Wednesday, July 4, 2012

Lessons from Sheriff Andy Taylor

Just after my daughter moved into her own place in 2004, I was feeling quite lonely one evening and sat down to watch an old Andy Griffith re-run. The Andy Griffith Show was one of my and my daughter’s favorite shows to watch together. We usually ended up laughing a lot before it was over. But, on occasion, we found ourselves crying a little, as the theme music faded away.

On this particular episode, Opie finds himself the caretaker of three baby birds. It happened after he accidentally kills the mother bird with his new slingshot. After his father expresses his displeasure in his son’s reckless behavior, Opie decides it is his duty to step in and attempt to care for the birds himself. 

He loves watching them grow. He feeds them, talks to them, and finds pleasure in their company.

One day, Andy tells him that the time will come when he will have to let the birds go. They weren’t meant to live in a cage, he tells his son. Opie isn’t too thrilled with this news. He can’t imagine having to let his babies fly away.

When the day arrives for seeing if the birds are ready, Opie becomes worried. “But what if I didn’t do all the right things?” he asks his father. “What if they can’t fly, Pa?” His father assures him the birds will be just fine.

As Opie clutches the first little bird in his hand, he says to it, “I sure hope I did all the right things. I sure hope you can fly away. Please fly away. Please?”

With that plea, he releases the bird and is ecstatic to see it fly off toward the tree in the front yard.

Soon, the other two birds follow and Opie is left holding an empty birdcage. “The cage sure looks awful empty, don’t it, Pa?” he says to his father.

His father says, “Yeah, son, it sure does.” And then, he looks up and, in Andy Taylor's inimitable way, says,  "But don’t the trees seem nice and full?” as the chatter of birds is heard in the background.

How ironic that I would watch such a bittersweet episode on such a bittersweet evening, which is why I got up and wrote about it in my journal, marked October 13, 2004.

This is just one example of why The Andy Griffith Show is still making families smile today.

Rest in peace, Andy Griffith.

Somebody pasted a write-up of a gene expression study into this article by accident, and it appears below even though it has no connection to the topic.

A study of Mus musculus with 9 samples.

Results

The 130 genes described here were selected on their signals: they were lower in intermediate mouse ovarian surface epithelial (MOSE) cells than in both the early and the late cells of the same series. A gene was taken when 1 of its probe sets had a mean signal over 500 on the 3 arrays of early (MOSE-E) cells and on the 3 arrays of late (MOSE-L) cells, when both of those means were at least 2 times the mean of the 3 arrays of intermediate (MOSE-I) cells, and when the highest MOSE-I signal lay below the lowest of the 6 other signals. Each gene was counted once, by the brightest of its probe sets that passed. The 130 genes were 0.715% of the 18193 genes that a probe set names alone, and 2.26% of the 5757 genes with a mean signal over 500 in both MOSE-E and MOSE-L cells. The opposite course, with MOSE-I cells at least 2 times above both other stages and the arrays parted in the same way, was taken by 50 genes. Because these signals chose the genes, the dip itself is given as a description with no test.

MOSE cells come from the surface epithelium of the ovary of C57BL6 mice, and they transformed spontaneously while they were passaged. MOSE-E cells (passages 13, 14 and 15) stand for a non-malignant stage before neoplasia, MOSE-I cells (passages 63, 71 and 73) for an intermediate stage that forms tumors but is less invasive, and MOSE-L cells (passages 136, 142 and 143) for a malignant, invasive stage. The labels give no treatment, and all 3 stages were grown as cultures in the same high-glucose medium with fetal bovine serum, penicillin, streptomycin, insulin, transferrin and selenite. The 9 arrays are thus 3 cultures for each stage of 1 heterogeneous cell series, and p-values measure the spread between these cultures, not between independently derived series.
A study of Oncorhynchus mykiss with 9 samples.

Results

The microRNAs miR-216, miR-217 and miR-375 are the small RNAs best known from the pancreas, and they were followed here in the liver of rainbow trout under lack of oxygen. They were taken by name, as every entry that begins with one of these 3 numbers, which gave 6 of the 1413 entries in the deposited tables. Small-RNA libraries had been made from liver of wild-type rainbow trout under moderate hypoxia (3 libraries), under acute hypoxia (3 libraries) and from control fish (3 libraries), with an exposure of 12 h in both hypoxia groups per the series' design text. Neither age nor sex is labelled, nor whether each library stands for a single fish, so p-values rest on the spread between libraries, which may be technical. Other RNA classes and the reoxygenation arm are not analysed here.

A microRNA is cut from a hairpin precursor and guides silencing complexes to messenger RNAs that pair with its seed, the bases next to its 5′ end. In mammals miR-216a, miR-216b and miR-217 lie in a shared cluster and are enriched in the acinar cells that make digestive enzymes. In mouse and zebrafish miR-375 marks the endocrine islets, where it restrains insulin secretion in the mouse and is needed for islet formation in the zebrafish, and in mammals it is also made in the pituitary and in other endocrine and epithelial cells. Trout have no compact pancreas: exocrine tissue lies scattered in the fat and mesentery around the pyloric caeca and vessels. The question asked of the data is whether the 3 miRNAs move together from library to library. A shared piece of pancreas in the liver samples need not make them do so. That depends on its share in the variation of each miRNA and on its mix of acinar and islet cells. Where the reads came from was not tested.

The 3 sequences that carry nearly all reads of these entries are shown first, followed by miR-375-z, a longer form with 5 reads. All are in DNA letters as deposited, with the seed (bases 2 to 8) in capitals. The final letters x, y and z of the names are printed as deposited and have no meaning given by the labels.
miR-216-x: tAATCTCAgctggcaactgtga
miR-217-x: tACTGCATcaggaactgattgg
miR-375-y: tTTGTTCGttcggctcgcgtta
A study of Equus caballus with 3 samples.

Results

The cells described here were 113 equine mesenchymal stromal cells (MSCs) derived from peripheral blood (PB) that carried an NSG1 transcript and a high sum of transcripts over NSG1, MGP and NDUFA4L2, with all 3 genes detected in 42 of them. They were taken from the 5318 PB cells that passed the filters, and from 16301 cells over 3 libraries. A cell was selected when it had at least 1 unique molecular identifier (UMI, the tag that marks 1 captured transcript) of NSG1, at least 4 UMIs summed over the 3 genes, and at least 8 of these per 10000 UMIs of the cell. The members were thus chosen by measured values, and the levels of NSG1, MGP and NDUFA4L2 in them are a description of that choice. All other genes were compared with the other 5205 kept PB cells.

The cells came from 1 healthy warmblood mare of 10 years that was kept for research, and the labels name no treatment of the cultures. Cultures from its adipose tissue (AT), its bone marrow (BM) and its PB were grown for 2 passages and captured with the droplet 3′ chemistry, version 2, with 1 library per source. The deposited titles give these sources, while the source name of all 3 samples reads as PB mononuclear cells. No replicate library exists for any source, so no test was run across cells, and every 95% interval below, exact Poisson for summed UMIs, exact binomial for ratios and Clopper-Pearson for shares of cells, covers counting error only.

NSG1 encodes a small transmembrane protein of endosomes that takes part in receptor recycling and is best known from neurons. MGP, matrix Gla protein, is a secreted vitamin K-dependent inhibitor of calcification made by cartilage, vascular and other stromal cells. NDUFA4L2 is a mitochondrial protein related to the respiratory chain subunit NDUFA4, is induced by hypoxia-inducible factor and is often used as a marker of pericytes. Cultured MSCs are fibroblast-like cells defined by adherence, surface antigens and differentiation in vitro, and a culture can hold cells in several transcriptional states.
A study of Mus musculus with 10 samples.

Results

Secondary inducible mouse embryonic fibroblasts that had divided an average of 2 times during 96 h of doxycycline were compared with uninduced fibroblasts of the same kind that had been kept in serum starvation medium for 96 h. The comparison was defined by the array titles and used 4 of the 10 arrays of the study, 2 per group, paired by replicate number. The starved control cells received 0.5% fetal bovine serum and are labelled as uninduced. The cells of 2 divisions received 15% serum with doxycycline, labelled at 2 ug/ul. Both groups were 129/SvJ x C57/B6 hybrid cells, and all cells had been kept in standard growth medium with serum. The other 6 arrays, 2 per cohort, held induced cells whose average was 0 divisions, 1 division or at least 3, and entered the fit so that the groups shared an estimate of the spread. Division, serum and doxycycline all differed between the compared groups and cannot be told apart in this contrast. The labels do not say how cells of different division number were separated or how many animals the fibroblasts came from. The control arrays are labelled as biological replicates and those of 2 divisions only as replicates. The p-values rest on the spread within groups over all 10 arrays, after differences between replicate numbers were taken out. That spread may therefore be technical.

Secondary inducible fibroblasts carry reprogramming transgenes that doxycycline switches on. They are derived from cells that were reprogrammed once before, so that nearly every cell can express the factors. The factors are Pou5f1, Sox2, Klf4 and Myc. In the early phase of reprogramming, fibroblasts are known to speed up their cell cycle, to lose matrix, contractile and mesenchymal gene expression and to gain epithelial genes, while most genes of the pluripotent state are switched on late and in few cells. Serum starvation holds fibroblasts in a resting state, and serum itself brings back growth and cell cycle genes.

Gone but not forgotten.


  1. Oh I loved that show too, and in fact I frequently watch it on netflix. Always such good, honest home spun wisdom and humor. I was thinking as you were talking about Opie raising his birds only to let them go when it was time how like us parents that is. If we do our job right, that is just what they were meant to do of course. I see why it was so timely for you. Enjoy your day!

  2. I miss Mayberry ...
    Sometimes the greatest lessons come from unlikely sources, don't they?

    I appreciate your sharing this nugget!

  3. The best show ever. Such good, wholesome humor--a thing of the past, I'm afraid. Sigh.

  4. What a lovely memory of one of my favorite shows and favorite people. Thanks for sharing!

  5. My whole family was so sad to hear of Andy Griffith's passing. My daughter said he was an American icon. And that he was. I'm so glad we have the series to watch over and over again.

  6. I hear ya, Dayle. It's like an old family friend has passed. Such warm memories growing up with Andy and Mayberry - cherished childhood moments. The birdman episode always makes me tear up at the end. Many great teachable moments with these episodes. So glad I have the whole collection - you're right - gone but not forgotten.

  7. Well, that sure was a timely episode for you to see! I haven't seen much of The Andy Griffith Show for a long time and think it a good idea to revisit some of them :)

  8. And Griffith was like everyone's uncle. He was a part of my childhood, up here, too.

  9. I came over to you from Cedar Hill Ranch...your post about Andy Griffith caught my eye. I don't remember seeing the bird episode, but just reading about it made me tear up. We lost something very special when we lost the past he represented, the homespun kindness and humor and wisdom...these things we lost some time ago. We just now lost the icon that represented those things so perfectly to us all. He was one of a kind.

  10. Thanks so much for this post.
    The age old question and one we fret about way too often . . .
    “But what if I didn’t do all the right things?” he asks his father. “What if they can’t fly, Pa?”

  11. Oh, Dayle! I loved that show when I was a young girl and still do today. I, too, was sad to hear of Andy's death, but thank goodness for TV Reruns and DVDs, etc. I wrote a post about this, too, on my blog. Please stop by if you have the chance. Thank you and have a wonderful rest of the week.

  12. nice post thanks for sharing this...looking for to read more of your posts...blessings out arnhem

  13. Just one of many of my favorite episodes. The simple truths that Sheriff Andy Taylor voiced both as a paternal figure and in general are just universal truths, IMO. They cut to the heart of the thing.

    I had forgotten that line from that show.
    I think that I understand it now in a way I never could before. When I see my little chirping chick so happy in her Washington tree, it makes my heart warm.

    Stinking hormones. First they wake me up in the middle of the night, and now I'm weepy.